Set house right before setting sights elsewhere
|How green is our valley: A view of the Maidan
The West Bengal Medical Council’s (WBMC) intention of getting “very strict” about “illegal” practice by foreign doctors coming to the city for a day or two to treat patients appears to be a laudable attempt (Licence leash on foreign doctors, Metro, July 1). But the WBMC has no control over even doctors who are registered in another state but practise in Bengal. Why should it bother to take action against qualified foreign physicians who bring their expertise to the city, albeit for a few days'
Numerous patients have come to the People for Better Treatment in search of justice after the WBMC slammed the doors on these victims of medical negligence by doctors who practise medicine in Bengal but are registered with a different state medical council. Since the accused doctors are not registered with the WBMC, it has no power to take disciplinary action against them. When these victims approached the state medical council with which the accused doctors are registered, they were refused justice on the plea that the crime occurred in a different state. Unbelievable but true — a doctor registered in one state cannot be punished if he/ she commits a medical error in another.
WBMC president Ashok Choudhury has referred to a practice in the US in defence of his council’s move. It is true that a doctor from a “foreign” country may not practise medicine in the US without a permit from the respective state medical board. But when a physician in the US moves to a different state to practise medicine, it is mandatory for him to obtain another licence from the new state. When a medical crime occurs, the state medical board can take immediate measures against the delinquent physician. It is ironic that the medical councils in India never felt it necessary to change this defective system that has existed for decades.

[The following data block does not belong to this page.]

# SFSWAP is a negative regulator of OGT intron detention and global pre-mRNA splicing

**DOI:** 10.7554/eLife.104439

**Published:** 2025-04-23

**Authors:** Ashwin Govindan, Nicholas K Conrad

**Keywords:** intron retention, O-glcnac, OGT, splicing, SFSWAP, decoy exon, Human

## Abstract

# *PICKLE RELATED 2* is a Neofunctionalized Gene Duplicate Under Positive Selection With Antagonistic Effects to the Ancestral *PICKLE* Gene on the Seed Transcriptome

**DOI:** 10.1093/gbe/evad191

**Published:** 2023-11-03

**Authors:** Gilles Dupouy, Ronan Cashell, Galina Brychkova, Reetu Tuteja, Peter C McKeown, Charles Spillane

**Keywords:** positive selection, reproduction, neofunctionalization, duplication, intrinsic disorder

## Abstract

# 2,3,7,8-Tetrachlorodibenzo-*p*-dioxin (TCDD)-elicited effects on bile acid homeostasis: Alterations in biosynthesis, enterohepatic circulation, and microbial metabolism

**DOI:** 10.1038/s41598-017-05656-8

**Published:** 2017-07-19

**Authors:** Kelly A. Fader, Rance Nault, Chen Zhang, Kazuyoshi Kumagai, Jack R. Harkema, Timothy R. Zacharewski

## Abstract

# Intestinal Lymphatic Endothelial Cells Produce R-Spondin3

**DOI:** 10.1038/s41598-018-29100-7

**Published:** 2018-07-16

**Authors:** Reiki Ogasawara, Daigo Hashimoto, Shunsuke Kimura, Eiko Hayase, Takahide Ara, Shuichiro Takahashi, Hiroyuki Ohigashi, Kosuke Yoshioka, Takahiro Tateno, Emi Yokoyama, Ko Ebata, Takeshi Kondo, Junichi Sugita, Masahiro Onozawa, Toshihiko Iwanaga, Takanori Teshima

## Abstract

Dr Kunal Saha,
President, People for Better Treatment (PBT),
Columbus, Ohio, USA
Red signal for greenery
Apropos the report ‘Ban the rallies and stop the fairs, give our lungs a breather’ (Metro, July 1), it is a matter of concern that the Maidan, the breathing space in the city, is fast losing ground. Political parties, visitors, fairs, bus passengers have all contributed to the deterioration of the piece of greenery. It is really eclipse time for the Maidan.
Your report ‘Paper politics in plastic wasteland’ (Metro, July 3) was set exactly to the tune of reality. The Maidan is undoubtedly under threat. The government will as usual create a few rules but to what extent they would be put into application is anybody’s guess. As citizens, it’s our duty to join hands and take initiatives for its protection.
lIt is good to learn that environment activists want the Maidan free from rallies and fairs in order to fight the three menaces — people, plastic and petrol. Since the Maidan serves as the lungs of the city, all government agencies should unite to keep it clean and green.
Prahlad Agarwala, Flesh fair
The report on the “gallery of grotesque” made shocking reading (Foetus and demon stars of horror show in city heart, Metro, June 25). How could the mela organisers permit such a bizarre display of bodies' There was every possibility of infection. The exhibits should have found place in a museum, not a public fair.
S. Ram, Might is not right
It was a heinous act on the part of HSBC Bank to involve muscle power to realise a refund defaulted just for a month (Court raps bank force formula, Metro, June 24). No civilised state ever approves of such a method.
Madhabi D. Ghosh, Narrow shoulder
Salt Lake City.
It is ridiculous to learn that Government Railway Police is reluctant to bear the responsibility to oust encroachers at the station (Sealdah’s new station shelter for vagrants, Metro, June 24). The force is maintained through public money and if it refuses to work, what is its use'
Diptimoy Ghosh, Pension pain
Salt Lake City.
The high court judgment regarding disbursement of pension benefits of a teacher of Panihati Pran Nath High School should serve as an eye-opener to greedy and unscrupulous government officials (A decade of dues, some paid out of pocket, Metro, July 1).
Mohal Lal Sarkar, Clarification
Apropos the story ‘A good hand and a steady head’ (Metro, July 24), Aashirvad Vidyalaya is run by Christian fathers, not Jesuit brothers, as published. The error is regretted.